It’s no secret that the delivery of critical infrastructure assets is crucial to a country’s economic growth and the wellbeing of communities. Yet around the world, infrastructure issues such as highway congestion and unreliable rail networks continue to persist.
The 500 industry professionals surveyed in AECOM’s recently published Future of Infrastructure report say they have suffered significant yet avoidable delays on 40% of recent projects. This could be a thing of the past if a combination of technology and alternative delivery is adopted, both key to tackling the productivity issue and accelerating much-needed projects.
Currently, many infrastructure projects are slowed down due to inefficient and outdated project delivery methods that lead to delays and schemes that run over time and budget. The effect on the UK economy is damaging, with the cumulative impact of stalled projects during 2015-16 alone projected to dent investment-related GDP to the tune of £35bn.
There are many reasons why there’s often a drag on productivity. A fragmented supply chain with sub-optimal integration across different services is among the top concerns, as well as limited consideration of total cost of ownership or total life-cycle implications. Resistance to change with the project cycle is another issue, along with the effect of low margins on research and development investment. One issue is found in the recent Future of Infrastructure report was limited adoption of new technology and best practices. Worryingly, the report found that only 56% of industry professionals consider themselves “good” at adopting and scaling innovative delivery models.
This all results in a domino effect where buyers get inefficiency, often resulting in delayed projects and poor-quality assets, and suppliers struggle to survive financially. This is despite the fact that there are several tools and approaches available to produce a positive transformation in the delivery of major infrastructure projects. The challenge is to effectively learn lessons from the past, to build a new industry dynamic.
A two-step approach to solving the productivity issue is needed, which firstly sets up projects differently to incorporate a more integrated approach, linking across the life cycle of an asset and reducing total cost of ownership. This would also create assets that are more constructible and fit for purpose. Secondly, using digital tools to unlock the full power of this integrated approach is essential.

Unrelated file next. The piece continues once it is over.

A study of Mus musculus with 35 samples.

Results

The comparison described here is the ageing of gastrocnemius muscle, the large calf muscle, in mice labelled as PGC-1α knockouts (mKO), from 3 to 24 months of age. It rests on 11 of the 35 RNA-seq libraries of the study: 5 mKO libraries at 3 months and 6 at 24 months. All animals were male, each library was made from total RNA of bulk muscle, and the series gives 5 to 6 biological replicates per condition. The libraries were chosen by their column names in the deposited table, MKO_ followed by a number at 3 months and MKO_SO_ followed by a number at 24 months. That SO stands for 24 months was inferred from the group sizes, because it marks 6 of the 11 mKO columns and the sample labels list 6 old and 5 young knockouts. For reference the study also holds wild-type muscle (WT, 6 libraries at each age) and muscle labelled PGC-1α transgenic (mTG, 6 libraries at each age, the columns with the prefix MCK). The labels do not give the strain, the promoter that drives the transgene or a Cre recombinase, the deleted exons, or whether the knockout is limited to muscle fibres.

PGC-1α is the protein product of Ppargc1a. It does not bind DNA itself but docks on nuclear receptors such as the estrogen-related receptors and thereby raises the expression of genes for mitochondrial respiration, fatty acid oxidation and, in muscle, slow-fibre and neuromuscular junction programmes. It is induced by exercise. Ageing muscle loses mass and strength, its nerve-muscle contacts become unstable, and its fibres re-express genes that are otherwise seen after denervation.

To achieve the first objective, breaking down the familiar approach of plan, design, build, operate and maintain will be key. Infrastructure organisations should seek to align all objectives and rewards across the supply chain to meet the client’s key success factors. A more honest dialogue around risk is needed, with suppliers providing greater transparency around the true nature of risk in their schemes and infrastructure owners willing to take on risks they are better positioned to manage themselves.
Well-designed and performance-based partnership models that are incentivised to deliver the best for the project and client are crucial. Ultimately, it’s about getting the basics right – robust project setup; streamlined governance; and continuous stakeholder buy-in.
Next in the two-pronged approach is the use of digital tools. These can bring efficiencies in each individual service line as well as enable the full power of an integrated approach. Enhanced and automated value engineering to create a more buildable and operable asset is just one example.
For example, virtual reality (VR) solutions have the potential to merge separate delivery phases by offering an interactive and easily accessible digital design model. AECOM has used this technique on projects as diverse as the Wessex Capacity project at Waterloo and the Serpentine Pavilion in Hyde Park, enabling us to deliver schemes more efficiently than ever before. This technology enabled stakeholders to walk through a design in the virtual environment and provide immediate feedback. Other benefits include the ability to remove safety hazards, optimise build sequence and schedule and minimise the need for re-work.
Other digital tools that are growing in impact include artificial intelligence that replaces repetitive manual tasks and provides a more reliable outcome. This enables new construction techniques such as the use of modular construction, 3D printing and increased use of robotics. Asset intelligence is also on the up.
Capturing operational data is nothing new, but the volume of data and the ability to effectively analyse and draw conclusions is taking a step change when AI and other data mining techniques are coupled with today’s computing power. This allows new tools to capture and analyse performance data to drive more efficient operations and truly feed back into future designs.
After years of industry wrestling with the productivity gap, the time has come to fully embrace innovation and take the necessary step forwards to accelerate delivery. We now have the keys to unlock the future – and they lie in the combination of new delivery models and the smart use of technology.
Richard Robinson is the chief operating officer at AECOM.